If you have decided to get a divorce, you may want to share parenting responsibilities with your former spouse. Sharing parenting time can help your children maintain the relationships they have with both you and their other parent following the divorce process.
According to the Centers for Disease Control and Prevention, in 2020, 630,505 couples either divorced or annulled their marriages, and many of these couples likely entered into shared parenting arrangements. While coparenting can be beneficial for your children, there are strategies you should use to make the arrangement work.
Work on your communication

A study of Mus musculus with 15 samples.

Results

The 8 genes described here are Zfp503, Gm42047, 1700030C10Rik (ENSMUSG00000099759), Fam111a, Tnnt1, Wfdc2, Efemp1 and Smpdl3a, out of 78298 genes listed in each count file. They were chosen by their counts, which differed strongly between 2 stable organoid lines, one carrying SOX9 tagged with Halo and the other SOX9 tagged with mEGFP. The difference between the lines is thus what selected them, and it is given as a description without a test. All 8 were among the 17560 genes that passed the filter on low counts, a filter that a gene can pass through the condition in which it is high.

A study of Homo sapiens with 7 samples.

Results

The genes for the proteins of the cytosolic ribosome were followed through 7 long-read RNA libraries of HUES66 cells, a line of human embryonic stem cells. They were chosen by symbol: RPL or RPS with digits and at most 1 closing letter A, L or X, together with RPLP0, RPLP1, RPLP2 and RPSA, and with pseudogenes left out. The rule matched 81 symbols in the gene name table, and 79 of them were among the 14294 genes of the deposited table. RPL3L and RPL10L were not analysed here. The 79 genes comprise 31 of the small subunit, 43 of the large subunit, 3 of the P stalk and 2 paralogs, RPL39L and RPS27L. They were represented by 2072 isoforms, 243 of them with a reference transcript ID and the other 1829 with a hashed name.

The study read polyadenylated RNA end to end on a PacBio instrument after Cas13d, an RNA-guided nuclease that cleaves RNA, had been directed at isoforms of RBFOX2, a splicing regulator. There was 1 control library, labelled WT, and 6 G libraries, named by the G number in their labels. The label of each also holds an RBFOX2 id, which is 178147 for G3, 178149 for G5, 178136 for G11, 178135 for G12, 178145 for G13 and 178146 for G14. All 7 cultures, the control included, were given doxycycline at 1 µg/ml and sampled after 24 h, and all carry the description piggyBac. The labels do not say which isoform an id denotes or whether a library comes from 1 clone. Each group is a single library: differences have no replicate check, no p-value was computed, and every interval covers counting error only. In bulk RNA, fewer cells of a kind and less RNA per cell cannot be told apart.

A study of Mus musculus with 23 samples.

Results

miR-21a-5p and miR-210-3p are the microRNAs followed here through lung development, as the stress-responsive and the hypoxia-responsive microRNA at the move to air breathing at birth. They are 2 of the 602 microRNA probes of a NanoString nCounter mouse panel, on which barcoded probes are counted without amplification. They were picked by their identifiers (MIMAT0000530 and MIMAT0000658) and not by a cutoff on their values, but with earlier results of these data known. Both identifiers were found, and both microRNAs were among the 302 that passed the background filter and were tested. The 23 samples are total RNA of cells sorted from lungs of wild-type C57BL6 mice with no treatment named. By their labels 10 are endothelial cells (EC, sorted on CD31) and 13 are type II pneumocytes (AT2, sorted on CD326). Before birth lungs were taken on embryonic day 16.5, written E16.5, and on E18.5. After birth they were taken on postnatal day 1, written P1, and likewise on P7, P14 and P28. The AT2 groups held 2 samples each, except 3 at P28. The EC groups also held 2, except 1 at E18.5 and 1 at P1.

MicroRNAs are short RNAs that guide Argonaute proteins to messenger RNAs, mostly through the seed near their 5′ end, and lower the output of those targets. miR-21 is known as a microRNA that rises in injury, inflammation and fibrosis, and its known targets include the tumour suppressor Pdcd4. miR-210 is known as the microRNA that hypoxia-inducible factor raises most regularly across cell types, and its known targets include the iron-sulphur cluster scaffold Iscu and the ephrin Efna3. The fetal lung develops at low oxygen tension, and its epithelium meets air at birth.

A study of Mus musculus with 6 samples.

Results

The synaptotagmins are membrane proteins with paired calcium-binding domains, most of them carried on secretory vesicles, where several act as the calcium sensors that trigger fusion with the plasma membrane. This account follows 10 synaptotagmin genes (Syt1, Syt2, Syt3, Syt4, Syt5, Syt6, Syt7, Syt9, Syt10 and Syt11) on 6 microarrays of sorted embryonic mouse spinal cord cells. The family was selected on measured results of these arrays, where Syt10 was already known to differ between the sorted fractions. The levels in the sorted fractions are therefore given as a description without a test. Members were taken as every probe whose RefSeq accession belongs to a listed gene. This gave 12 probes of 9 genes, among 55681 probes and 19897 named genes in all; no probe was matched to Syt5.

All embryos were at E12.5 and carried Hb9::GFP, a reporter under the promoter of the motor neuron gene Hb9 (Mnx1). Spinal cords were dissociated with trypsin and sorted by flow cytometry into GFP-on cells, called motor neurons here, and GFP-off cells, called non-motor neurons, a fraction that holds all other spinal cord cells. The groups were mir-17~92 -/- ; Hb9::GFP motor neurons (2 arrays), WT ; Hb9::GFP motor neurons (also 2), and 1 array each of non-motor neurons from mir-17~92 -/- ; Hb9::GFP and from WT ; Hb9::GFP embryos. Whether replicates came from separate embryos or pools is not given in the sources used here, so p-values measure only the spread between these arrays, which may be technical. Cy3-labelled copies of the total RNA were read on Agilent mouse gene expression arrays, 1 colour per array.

After your divorce, you may still feel resentful, disappointed and angry. But do not let these emotions overtake your coparenting relationship. Treat sharing custody like a business agreement and speak to your spouse concisely and respectfully.
Refrain from criticism in front of your children
If you feel frustrated at your former spouse, do not vent and criticize your ex in front of your children or in areas where your children can hear you. Instead, talk to a close friend, family member or a counselor about your frustrations.
Maintain expectations at both homes
Talk to your ex and establish a set of rules your children must follow at both households to maintain consistency. These rules may apply to discipline, homework, bedtimes and other normal daily routines.
It may take time for you, your former spouse and your children to get used to this new coparenting arrangement. Try to stay on the same page as your ex and put the needs of your children first when making parenting decisions.